Windows opens all command-line tools in the old Windows Console environment. However, you can make Windows Terminal your default Terminal app whenever you launch Command Prompt or PowerShell.
Why Should You Switch to Windows Terminal?
When you open a Command Prompt or PowerShell on Windows 10, each session begins in a separate window. Unfortunately, that means you’ll end up shuffling between multiple open windows on your desktop.
Windows Terminal app opens in a tabbed view by default to help you manage several command-line windows. Also, you can run PowerShell and CMD in separate tabs too.
Switching to the Windows Terminal app gives you access to other features like themes, emoji support, multiple sessions, split panes, GPU rendering, and many other customizations.
Such features won’t make it to the Windows Console. That’s why switching the default Terminal app to Windows Terminal is a good idea.
Also, Windows 11 uses the Windows Terminal app as the default command-line environment to open CMD, PowerShell, and Windows Subsystem for Linux (WSL). Until Windows 11 starts rolling out at the end of 2021, you can start using Windows Terminal as your default on Windows 10 now.
How to Make Windows Terminal Your Default Terminal app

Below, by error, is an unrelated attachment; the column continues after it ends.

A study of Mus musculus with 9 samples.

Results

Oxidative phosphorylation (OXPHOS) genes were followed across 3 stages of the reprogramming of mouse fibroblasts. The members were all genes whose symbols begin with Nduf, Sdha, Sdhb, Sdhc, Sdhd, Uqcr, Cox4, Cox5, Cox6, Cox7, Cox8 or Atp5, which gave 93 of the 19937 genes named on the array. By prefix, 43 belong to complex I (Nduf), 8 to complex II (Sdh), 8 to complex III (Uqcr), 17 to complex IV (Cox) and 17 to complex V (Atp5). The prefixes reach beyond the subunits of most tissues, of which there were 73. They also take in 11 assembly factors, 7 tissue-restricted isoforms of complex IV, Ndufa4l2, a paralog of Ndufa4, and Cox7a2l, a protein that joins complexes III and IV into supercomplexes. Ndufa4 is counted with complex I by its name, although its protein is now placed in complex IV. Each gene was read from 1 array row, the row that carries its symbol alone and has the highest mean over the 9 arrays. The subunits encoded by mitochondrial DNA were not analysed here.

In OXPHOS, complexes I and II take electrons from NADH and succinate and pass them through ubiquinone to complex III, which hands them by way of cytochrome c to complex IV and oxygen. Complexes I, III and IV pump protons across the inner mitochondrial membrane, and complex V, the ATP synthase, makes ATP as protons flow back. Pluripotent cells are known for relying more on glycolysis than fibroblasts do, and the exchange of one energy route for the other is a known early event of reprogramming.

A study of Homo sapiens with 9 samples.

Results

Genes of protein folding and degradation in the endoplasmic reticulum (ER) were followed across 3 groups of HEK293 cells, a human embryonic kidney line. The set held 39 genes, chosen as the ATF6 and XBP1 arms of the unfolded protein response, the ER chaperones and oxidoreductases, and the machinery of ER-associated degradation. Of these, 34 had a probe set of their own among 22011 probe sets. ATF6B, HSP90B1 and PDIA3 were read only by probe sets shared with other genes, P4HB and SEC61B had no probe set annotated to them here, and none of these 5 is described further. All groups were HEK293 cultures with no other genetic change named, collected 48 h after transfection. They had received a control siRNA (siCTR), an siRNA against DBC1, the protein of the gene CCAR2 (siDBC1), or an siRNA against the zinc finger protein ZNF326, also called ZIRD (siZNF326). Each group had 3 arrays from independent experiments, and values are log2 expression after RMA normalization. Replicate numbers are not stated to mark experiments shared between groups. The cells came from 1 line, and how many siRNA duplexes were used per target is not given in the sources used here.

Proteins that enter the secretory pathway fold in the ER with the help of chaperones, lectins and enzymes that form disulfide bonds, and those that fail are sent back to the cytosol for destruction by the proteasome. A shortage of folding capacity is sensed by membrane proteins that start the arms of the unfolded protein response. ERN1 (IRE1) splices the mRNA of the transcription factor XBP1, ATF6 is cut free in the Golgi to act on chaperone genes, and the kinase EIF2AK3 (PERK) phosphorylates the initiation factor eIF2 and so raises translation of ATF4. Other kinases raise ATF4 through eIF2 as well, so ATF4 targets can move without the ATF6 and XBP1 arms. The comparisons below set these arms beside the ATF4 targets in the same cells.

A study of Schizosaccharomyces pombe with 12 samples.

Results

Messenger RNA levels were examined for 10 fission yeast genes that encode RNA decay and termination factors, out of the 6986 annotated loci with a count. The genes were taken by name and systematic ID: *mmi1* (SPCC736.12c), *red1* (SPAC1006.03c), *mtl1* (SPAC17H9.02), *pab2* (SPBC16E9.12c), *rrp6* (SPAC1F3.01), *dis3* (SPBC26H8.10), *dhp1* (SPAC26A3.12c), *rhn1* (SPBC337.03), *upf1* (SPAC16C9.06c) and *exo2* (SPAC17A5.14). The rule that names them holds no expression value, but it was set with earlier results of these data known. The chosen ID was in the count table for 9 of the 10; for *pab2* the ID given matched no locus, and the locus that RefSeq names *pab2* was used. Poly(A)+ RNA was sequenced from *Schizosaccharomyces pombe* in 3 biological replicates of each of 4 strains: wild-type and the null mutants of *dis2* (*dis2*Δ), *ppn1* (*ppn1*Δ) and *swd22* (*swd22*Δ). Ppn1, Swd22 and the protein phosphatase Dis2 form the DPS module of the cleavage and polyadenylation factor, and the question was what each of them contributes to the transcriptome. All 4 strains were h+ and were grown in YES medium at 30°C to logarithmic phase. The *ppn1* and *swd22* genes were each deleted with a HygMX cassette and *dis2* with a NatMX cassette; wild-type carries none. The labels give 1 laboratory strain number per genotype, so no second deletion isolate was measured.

Before you begin, you need to download and install the Windows Terminal app if you don’t have it on your computer.
Launch the Windows Terminal app, select the down-arrow menu, and click “Settings.” Or, you can press Ctrl+, (comma) to open “Settings” directly.
In the Settings window that opens, you can see that the “Default Terminal application” is set to “Windows Console Host (ConHost.exe).” That means Windows uses the legacy ConHost.exe terminal app for the CMD or PowerShell.
Click on the drop-down for “Default Terminal application” and choose Windows Terminal from the list.
By default, the Windows Terminal app uses Windows PowerShell profile when you launch the app.
However, you can switch it to run a different shell profile instead. For that, click the drop-down for “Default profile” to choose between Command Prompt, PowerShell, Windows PowerShell, or Azure Cloud Shell.
Click on the “Save” button to apply the changes you made.